You work next to someone for 20 years and you think you know them, but do you really?
Case in point: Sasha Paulsen, the Register’s features editor.
Responsible for the paper’s arts, food, wine, gardening and travel coverage, she processes a phenomenal number of stories each week while enjoying a lifestyle that someone such as myself, a city editor, can only dream of.
She goes places — wine tastings, new restaurants, art shows. Even theater! And didn’t we read about her riding the Trans-Siberian Railroad on her way to Mongolia?
That’s our Sasha. But not all of our Sasha.
Eavesdropping from two cubicles away, I learned something astonishing the other day: Sasha is a writer of fiction. The rollout of her first published novel is happening this month.
What the hell, Sasha!
Upon further investigation, I found out that while people like me go home after work, pour a glass of wine and vege, people like Sasha go home and tackle personal writing projects.
Readers are always asking journalists if they’re working on a novel. Merely dishing out the news must leave the soul threadbare, they suggest.
Working on a novel? I can’t imagine such a thing. Who has more words to give after a day in the newsroom?
Sasha does, that’s who.
She commonly goes home and writes. She’s written more than one complete novel and chunks of others. Her characters live in her head. They even appear in her dreams.
Her novel, “Dancing on the Spider’s Web,” set in Napa and the Bay Area in the 1970s, comes out June 21 with some high-class blurbs on the back cover.
Sandra Dallas, author of the bestseller “The Last Midwife,” calls it a “funny, joyful story of young love lost and found again in the tumultuous Haight-Ashbury. You’ll adore Sasha Paulsen’s quirky band of misfits.”
It seems that part of “Spider’s Web” was written in the early ‘80s. Sasha used a chapter as a writing sample when she applied to UC Berkeley’s Graduate School of Journalism.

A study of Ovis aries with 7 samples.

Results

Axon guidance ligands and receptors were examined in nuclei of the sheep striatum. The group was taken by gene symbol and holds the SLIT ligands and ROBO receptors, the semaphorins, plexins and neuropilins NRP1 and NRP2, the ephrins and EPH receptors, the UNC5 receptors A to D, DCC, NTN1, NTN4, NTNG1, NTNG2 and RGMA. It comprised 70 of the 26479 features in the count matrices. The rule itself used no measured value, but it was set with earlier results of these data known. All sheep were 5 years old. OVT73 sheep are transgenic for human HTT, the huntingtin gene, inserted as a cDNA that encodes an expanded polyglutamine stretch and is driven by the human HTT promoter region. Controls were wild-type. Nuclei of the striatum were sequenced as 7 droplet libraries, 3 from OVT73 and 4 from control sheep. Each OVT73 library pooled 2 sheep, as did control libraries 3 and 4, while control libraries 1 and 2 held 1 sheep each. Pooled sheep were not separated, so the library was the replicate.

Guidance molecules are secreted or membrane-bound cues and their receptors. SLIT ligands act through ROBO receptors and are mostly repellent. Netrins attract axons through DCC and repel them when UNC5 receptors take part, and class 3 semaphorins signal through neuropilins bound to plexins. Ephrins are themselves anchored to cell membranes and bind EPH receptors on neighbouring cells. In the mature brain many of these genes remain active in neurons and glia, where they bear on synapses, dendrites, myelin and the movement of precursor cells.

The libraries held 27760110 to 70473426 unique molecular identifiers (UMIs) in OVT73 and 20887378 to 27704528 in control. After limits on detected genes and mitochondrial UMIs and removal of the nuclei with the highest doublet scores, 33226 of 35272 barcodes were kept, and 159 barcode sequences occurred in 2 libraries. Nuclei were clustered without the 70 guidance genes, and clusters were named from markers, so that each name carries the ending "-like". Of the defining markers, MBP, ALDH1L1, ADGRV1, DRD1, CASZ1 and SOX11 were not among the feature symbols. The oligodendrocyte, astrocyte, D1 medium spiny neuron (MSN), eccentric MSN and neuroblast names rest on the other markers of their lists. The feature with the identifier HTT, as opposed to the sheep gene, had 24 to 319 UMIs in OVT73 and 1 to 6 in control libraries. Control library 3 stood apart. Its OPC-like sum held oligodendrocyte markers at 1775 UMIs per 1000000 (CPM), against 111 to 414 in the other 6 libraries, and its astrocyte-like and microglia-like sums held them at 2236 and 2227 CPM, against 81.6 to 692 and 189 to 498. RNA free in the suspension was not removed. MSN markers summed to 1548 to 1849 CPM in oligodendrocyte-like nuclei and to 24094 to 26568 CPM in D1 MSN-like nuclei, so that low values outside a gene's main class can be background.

Then life got complicated. Marriage. Newspaper jobs. Divorce. Move back to Napa, her hometown. Two kids to raise. Novel writing took a back burner. To get back on track, she began getting up at 5 a.m. and writing for several hours before getting her children up for school.
She polished off “Spider’s Web” 10 years ago and went looking for a publisher. One publisher held it for two years, then turned it back. Another held it for one.
She despaired. “Why are you writing this book?” she asked herself. “It’s to be read, not to sit on a desk in a publishing house.”
So Sasha did the logical thing: She self-published.
Friends helped with the manuscript. Her ex-husband, an astrophysicist, made sure the science was correct. Her son, a medical doctor, confirmed the medicine. Her daughter helped create Tempest, her own publishing house.
What does it cost to put out a beautifully edited and designed 459-page novel, thereby achieving a life goal? About $5,000, Sasha said.
Better a novel than frittering a similar sum away on vacation, she said.
In my interview, I learned that Sasha has ghostwritten a famous vintner’s autobiography and teamed up on a book about wine for the Chinese market. A novelist does not live on journalist’s wage alone, she said.
Sasha is planning a talk at Napa Bookmine on June 26 and a signing at Jessel Gallery on July 5.
About now you may be asking, how good is Sasha’s novel? Is it worth $15.99 for the paperback edition?
It’s hard for me to say. I’m not a guy who reads novels.